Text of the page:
As the discussion surrounding loot boxes in games heats up, more and more governments and organizations are joining the conversation. Those conversations have finally started turning from talk into action.The ESRB finally acknowledged the problem and committed to adding messaging to any games that contained in-game purchases (however, we wrote about why it’s not nearly enough). Hawaii introduced legislation that would place age restrictions on purchases of games with loot box mechanics and mandate messaging on those same games.
Australia’s eSafety Commissioner recently added an “Online Gambling” section to their parental guidance that has very specific references to loot boxes in games.
Some online games include activities and features that are normally associated with gambling—like ‘loot’ boxes, ‘bundles’, ‘crates’ and ‘cases’ that provide a random chance to win virtual items, which can include an in-game currency.
Many games operate on a ‘freemium’ model. Your child can access the basic game for free, but might need to purchase credits, keys or in-game items for additional content or to access special features, including the chance to win items in a loot box or crate. These items can also be acquired randomly, as a reward through gameplay, or exchanged between players.
In-game items can include an in-game currency, equipment, tools, weapons or ‘skins’. Skins are used in some of the most popular games to cosmetically alter a player’s weapon, equipment or avatar and can vary in their value depending on how rare and popular they are.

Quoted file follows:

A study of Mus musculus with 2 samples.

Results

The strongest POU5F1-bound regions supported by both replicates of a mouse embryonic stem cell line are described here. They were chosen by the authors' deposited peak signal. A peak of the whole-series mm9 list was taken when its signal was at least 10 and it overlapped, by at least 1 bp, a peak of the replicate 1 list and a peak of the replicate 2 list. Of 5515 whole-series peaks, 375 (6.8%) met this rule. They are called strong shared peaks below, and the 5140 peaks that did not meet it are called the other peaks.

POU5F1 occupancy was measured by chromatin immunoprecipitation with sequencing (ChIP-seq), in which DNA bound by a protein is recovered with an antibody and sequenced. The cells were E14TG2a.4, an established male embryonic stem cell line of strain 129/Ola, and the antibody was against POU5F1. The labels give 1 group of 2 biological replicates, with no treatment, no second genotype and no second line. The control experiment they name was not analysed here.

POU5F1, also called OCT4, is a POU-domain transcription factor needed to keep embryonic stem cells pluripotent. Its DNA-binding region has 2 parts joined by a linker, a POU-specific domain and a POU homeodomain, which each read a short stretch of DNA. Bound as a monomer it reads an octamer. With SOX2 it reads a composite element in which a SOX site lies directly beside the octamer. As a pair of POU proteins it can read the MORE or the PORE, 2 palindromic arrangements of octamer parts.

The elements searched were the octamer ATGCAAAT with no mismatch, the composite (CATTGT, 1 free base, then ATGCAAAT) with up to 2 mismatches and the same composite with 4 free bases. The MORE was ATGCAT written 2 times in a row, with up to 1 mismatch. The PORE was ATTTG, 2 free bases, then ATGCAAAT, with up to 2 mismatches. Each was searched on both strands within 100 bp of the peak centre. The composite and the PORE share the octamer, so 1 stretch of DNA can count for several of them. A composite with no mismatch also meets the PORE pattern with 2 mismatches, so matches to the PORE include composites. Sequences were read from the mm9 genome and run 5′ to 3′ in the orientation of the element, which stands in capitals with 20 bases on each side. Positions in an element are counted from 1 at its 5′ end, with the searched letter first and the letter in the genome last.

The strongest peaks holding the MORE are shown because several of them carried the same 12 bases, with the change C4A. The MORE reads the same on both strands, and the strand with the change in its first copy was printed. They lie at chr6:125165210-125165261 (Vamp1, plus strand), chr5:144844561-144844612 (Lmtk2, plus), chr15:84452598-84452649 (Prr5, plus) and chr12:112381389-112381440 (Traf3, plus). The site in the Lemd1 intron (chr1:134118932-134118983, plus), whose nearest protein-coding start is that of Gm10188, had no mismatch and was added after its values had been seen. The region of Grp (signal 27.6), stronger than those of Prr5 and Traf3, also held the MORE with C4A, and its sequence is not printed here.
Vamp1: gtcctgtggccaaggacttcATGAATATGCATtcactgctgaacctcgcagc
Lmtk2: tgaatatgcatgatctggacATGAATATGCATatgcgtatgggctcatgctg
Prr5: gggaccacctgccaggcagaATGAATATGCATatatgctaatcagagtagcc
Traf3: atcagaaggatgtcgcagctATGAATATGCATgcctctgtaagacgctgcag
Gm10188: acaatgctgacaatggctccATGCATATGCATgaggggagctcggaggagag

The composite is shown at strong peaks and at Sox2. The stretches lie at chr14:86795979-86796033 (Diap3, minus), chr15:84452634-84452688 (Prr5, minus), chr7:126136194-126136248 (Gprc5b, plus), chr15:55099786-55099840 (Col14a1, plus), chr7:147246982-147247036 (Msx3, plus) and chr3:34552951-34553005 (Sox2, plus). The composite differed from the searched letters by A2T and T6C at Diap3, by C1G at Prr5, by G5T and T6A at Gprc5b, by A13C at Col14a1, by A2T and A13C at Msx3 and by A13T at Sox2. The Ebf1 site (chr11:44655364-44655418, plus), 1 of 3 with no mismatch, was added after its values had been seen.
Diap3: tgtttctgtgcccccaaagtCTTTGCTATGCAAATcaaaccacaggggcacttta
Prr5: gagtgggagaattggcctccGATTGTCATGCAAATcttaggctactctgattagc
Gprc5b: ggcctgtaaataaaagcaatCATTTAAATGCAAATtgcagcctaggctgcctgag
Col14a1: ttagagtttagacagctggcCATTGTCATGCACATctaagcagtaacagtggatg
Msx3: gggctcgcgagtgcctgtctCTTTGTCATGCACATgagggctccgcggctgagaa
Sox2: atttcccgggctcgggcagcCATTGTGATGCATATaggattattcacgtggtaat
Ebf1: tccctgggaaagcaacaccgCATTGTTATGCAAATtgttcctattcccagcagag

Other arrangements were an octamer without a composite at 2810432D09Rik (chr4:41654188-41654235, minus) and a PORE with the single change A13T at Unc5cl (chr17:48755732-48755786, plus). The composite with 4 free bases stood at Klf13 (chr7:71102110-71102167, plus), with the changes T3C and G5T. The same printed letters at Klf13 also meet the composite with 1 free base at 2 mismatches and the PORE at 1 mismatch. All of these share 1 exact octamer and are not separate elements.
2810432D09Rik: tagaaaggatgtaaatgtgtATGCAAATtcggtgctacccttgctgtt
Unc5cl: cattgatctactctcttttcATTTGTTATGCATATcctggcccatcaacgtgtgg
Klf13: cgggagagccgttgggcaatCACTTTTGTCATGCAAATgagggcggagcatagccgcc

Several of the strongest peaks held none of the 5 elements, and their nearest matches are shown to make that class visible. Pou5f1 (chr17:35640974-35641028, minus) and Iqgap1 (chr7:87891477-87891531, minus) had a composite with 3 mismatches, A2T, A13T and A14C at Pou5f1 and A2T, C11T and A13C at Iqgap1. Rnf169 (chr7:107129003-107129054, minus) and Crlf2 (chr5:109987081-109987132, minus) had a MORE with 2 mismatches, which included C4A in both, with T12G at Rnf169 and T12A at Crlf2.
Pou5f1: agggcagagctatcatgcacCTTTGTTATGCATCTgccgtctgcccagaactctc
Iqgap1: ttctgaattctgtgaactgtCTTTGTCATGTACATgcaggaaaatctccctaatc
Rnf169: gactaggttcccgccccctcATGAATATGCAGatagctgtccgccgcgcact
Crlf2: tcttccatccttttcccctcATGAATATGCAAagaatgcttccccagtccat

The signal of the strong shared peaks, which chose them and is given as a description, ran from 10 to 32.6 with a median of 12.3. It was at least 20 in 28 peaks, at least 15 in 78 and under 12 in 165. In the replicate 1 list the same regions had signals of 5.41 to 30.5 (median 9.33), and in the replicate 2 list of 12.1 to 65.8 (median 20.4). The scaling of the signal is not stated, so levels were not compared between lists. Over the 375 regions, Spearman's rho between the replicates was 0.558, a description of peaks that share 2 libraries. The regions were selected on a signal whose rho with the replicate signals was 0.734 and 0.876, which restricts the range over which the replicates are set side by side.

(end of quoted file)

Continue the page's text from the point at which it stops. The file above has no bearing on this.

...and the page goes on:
Statements on the site do talk about gambling being the opportunity to win real money, and calls out games that allow players to resell loot box contents on third party sites. Most every console game doesn’t fall into the category, with only specific PC games allowing this ability to make actual money on loot box purchases. The guidance seems to overstate the problem, lumping all games with loot boxes in without specifically naming or differentiating ones that have no possibility of monetary return.
The idea they are trying to get across is that gambling mechanics in video games can ultimately lead into gambling behaviors later in life. “Games that simulate a gambling activity are easily accessible through mobile apps and social media sites and can expose your child to a realistic gambling experience at a very young age.”
It appears that the conversation and actions surrounding loot boxes in games and how they fit into the gambling restrictions, guidelines, and laws is far from over. 2018 will continue to be a big year for loot boxes and microtransactions in games, in addition to the conversation about video games and their connection to violent behavior.